Meaty treats in a box for the cubs and mum

cubs
cubs

On Sunday March 22 our triplet tiger cubs celebrated their first birthday by receiving cardboard box presents and a cake!

At 1pm the cubs – Mentari, Bulan and Kuasa – and their mum, Surya, were released into their outdoor enclosure to discover and demolish their birthday treat. The cubs had never received cardboard boxes before so we weren’t sure how they were going to react to them.

Bulan was the most confident cub who was quick to rip into the boxes. Kuasa eventually joined his sister after a wary start and was very playful with the boxes too. Mentari, however, was very wary of the boxes but carefully watched her siblings. Their mum Surya had received cardboard boxes in the past and knew that there is usually meat hiding in them. She didn’t hold back at making sure she had a fair share of the meat that day!

Surprisingly, the cubs were more interested in playing with torn-up pieces of cardboard than eating their food. It provided much activity and interaction for them, and one present was still undiscovered even after an hour! A video of their activity can be found on Flamingo Land’s Facebook page.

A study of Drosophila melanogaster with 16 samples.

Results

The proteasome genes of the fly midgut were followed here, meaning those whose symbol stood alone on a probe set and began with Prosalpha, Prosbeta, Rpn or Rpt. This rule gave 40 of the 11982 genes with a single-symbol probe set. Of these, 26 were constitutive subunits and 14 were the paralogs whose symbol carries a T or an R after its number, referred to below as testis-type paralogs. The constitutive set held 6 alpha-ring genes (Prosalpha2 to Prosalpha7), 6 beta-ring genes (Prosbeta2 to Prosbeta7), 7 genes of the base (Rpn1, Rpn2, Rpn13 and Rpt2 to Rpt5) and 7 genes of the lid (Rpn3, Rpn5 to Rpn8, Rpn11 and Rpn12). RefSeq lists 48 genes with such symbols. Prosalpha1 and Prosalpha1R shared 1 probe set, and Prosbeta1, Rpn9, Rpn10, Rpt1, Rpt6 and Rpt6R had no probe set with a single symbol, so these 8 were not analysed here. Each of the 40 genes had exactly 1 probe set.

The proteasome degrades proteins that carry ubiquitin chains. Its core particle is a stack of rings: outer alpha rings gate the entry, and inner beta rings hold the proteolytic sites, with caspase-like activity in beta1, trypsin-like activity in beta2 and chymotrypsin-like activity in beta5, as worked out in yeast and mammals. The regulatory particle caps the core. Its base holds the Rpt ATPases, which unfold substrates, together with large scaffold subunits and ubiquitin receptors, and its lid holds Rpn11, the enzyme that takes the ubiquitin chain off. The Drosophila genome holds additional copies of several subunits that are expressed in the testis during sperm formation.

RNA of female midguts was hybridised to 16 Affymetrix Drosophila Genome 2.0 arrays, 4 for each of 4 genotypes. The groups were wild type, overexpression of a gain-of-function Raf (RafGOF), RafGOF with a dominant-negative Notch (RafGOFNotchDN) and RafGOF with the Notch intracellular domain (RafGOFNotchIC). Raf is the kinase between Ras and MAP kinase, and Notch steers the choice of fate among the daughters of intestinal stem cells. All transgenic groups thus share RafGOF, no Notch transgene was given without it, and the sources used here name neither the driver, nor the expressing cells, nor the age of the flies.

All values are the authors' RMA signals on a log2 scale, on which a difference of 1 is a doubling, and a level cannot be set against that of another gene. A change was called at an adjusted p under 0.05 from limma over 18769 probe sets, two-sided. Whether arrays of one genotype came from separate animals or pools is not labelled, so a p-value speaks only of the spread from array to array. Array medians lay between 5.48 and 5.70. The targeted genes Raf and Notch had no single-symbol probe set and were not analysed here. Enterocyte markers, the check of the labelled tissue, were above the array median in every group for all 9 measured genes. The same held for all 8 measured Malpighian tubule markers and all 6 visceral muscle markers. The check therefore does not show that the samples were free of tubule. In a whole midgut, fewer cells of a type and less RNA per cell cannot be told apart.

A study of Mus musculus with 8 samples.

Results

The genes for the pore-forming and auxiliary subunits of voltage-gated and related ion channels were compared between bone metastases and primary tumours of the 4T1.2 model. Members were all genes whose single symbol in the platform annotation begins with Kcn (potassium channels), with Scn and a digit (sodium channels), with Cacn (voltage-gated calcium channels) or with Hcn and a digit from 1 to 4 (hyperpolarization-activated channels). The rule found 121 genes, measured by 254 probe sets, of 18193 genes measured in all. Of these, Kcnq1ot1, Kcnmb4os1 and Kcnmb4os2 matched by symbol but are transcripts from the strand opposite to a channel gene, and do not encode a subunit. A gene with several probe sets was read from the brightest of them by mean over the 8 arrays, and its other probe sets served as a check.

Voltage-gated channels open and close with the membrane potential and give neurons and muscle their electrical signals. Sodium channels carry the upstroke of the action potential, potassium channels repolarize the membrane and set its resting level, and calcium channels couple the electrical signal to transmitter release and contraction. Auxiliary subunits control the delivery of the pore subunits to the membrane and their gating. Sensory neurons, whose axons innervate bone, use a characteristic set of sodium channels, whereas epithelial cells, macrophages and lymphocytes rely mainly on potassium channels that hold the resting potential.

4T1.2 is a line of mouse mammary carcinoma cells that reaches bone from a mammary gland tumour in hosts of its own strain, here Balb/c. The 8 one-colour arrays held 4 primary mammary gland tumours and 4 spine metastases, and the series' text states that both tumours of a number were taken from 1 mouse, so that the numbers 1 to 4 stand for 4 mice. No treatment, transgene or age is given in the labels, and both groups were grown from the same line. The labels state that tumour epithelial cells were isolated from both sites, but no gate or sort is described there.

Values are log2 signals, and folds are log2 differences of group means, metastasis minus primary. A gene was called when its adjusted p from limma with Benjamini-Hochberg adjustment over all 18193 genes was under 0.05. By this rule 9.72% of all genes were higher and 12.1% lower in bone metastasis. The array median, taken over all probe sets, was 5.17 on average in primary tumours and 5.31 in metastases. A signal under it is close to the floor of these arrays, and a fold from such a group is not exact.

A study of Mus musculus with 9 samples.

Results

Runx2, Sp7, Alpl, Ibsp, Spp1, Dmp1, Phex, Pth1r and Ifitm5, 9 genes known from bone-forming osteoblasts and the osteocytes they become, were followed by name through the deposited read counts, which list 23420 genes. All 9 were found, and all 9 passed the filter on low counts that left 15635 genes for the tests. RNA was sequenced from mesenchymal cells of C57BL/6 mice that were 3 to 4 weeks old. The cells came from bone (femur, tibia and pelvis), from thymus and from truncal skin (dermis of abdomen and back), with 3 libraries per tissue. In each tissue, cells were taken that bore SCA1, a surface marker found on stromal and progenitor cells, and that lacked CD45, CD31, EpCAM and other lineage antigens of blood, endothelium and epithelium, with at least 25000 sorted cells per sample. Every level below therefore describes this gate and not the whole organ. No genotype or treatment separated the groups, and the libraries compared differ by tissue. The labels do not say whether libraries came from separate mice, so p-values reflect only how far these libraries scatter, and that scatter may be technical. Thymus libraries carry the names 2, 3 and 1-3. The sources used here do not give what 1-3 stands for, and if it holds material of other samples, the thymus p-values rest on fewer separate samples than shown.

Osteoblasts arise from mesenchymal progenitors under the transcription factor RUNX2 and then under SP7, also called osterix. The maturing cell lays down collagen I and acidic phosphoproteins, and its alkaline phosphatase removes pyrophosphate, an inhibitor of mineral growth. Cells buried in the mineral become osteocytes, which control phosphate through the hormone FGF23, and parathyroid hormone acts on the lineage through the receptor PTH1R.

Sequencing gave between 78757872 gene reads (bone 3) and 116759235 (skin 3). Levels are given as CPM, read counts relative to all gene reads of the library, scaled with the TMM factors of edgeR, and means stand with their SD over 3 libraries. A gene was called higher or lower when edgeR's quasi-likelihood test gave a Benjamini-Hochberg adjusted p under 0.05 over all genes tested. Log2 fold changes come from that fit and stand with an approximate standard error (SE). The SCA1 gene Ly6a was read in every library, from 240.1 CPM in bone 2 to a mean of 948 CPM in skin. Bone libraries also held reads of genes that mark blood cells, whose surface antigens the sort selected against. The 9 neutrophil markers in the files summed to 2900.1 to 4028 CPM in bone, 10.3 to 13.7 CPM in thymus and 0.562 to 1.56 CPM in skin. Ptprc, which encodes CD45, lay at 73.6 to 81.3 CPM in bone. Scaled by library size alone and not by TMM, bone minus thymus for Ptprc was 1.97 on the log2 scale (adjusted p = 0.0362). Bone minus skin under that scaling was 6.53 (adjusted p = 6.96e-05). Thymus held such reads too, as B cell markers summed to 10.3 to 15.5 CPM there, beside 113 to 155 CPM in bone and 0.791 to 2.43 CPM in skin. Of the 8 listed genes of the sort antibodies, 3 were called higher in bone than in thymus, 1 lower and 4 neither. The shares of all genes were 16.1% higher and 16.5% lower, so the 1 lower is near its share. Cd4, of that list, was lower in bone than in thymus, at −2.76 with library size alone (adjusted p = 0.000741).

Surya and Bawa (the cubs’ father) are currently kept in separate enclosures due to the solitary behaviour of tigers. Therefore Bawa didn’t participate in the exploration of the presents, but he did still receive his meat feed as normal! The breeding of these two tigers has contributed towards maintaining a captive population of Sumatran tigers, which are critically endangered in the wild. In the event of the Sumatran tigers becoming extinct in the future, it is important to have a genetic back-up in captivity which may need to be used to reintroduce tigers into the wild if required.

Sumatran tigers are native to Indonesia, but their numbers are decreasing due to habitat loss and poachers. The reduction in the size of their habitat means they may struggle to find food, mating partners and shelter. Poachers target the tigers for their fur and their body parts are used in traditional oriental medicines.

Until these threats are reduced or eradicated, there is no point trying to release tigers back into the wild as they have a slim chance of surviving.

The cubs at Flamingo Land will remain with us for a few more months and then they will move out.

Surya has done an excellent job at raising them, however she will soon be ready for them to move away. The cubs have provided much excitement and joys for both staff and visitors and we hope that they will continue to do so during the summer months!